Privacy Groups Sue LAPD over License Plate Scanners
On our rebroadcast of today's To the Point, 18 states and Washington, DC have legalized medical marijuana. Voters in Colorado and Washington have approved recreational use — and 52 percent of Americans agree that's a good idea. Yet under federal law, marijuana is still as illegal as heroin. What's the Obama Administration to do? A crackdown might lead to a backlash. But can it enforce the law differently in different parts of the country?
Special cameras on law enforcement patrol cars continuously scan the license plates of other drivers. LAPD Chief Charlie Beck calls them, "an investigative tool with unlimited potential." The Sheriff's Department says information from a license-plate scan helped solve a murder months after it happened, but the American Civil Liberties Union says there's a problem with privacy. The LAPD won't answer questions while there's a lawsuit pending.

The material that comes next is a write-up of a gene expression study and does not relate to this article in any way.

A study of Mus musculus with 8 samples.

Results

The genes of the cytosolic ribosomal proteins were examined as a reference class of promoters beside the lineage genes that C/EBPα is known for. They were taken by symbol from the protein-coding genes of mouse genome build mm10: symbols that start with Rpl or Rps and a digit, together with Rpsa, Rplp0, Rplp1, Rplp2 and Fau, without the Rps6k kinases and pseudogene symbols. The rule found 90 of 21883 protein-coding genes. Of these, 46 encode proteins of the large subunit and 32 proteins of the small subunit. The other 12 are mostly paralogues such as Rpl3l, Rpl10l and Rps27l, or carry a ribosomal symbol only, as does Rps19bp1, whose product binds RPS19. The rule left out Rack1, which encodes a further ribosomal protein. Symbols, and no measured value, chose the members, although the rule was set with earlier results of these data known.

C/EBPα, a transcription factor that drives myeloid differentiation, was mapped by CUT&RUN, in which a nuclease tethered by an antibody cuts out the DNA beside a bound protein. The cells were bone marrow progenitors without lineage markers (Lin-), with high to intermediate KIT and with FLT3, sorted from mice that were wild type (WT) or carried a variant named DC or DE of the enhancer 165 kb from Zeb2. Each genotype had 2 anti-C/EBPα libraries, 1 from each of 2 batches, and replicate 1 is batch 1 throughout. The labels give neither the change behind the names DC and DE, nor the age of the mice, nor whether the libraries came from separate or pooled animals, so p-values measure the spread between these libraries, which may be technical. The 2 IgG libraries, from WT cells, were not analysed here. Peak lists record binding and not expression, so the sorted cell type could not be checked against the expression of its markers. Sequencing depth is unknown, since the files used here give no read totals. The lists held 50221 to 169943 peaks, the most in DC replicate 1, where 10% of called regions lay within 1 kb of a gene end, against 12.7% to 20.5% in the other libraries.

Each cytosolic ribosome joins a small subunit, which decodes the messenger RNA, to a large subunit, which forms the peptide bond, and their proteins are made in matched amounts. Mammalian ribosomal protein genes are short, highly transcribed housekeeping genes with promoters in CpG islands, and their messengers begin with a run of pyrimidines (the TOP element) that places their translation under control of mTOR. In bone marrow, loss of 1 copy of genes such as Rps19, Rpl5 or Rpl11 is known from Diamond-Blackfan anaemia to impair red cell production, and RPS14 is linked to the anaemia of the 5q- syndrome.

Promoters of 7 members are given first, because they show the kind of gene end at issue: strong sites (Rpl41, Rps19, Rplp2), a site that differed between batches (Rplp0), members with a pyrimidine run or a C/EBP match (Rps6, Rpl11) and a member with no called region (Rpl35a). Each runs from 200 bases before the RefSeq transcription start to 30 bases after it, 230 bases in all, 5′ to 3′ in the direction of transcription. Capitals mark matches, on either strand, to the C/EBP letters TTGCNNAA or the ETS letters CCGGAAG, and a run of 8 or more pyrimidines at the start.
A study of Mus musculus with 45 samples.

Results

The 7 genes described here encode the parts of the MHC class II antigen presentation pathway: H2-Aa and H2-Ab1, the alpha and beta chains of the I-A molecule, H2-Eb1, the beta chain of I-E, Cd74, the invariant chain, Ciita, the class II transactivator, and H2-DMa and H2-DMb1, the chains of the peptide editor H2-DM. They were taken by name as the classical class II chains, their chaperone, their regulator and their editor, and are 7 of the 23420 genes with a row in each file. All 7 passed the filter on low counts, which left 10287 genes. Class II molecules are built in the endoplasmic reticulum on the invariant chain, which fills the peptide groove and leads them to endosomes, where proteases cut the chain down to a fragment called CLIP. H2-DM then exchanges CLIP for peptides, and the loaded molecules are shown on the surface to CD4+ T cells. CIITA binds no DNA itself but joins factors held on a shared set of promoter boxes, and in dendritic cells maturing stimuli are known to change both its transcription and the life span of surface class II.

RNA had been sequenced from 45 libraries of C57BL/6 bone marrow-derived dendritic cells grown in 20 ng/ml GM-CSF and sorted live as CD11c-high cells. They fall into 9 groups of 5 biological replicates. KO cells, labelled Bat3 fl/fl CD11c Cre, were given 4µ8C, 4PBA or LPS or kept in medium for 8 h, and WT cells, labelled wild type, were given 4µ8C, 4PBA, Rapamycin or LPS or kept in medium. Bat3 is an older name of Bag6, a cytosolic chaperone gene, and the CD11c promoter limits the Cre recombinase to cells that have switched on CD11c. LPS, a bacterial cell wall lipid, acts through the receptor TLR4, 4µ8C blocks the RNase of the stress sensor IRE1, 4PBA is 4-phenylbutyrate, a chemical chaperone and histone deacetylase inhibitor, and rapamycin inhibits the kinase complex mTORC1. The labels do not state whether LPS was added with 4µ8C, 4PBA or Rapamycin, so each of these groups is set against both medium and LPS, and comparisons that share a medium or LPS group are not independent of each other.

LAPD Helicopters Patrol the Skies, but Do They Make Us Safer? ()
The noise of police helicopters overhead has become a staple of life in Los Angeles. In some neighborhoods, it's a major annoyance. KCRW's Matt Holzman checked out the LAPD's aerial-surveillance center and found that replacing noisy choppers might pose a whole new set of problems. He reports that the legislature is looking at various proposed drone regulations. Meantime, if you want to find out why that helicopter is hovering over your neighborhood, you can call the LAPD Air Support Division.
Steve Soboroff Pushes for Park Funding ()
Last night, we asked mayoral candidates Eric Garcetti and Wendy Greuel how long the city could go without a tax increase. We didn't get any answers. One popular department that's been stripped of funding in recent years is Recreation and Parks. Steve Soboroff is a former Department Commissioner and one-time mayoral candidate who's got some ideas about future funding.
Which Way L.A.? is made possible in part by the Ralph M. Parsons Foundation and the Rosalinde and Arthur Gilbert Foundation.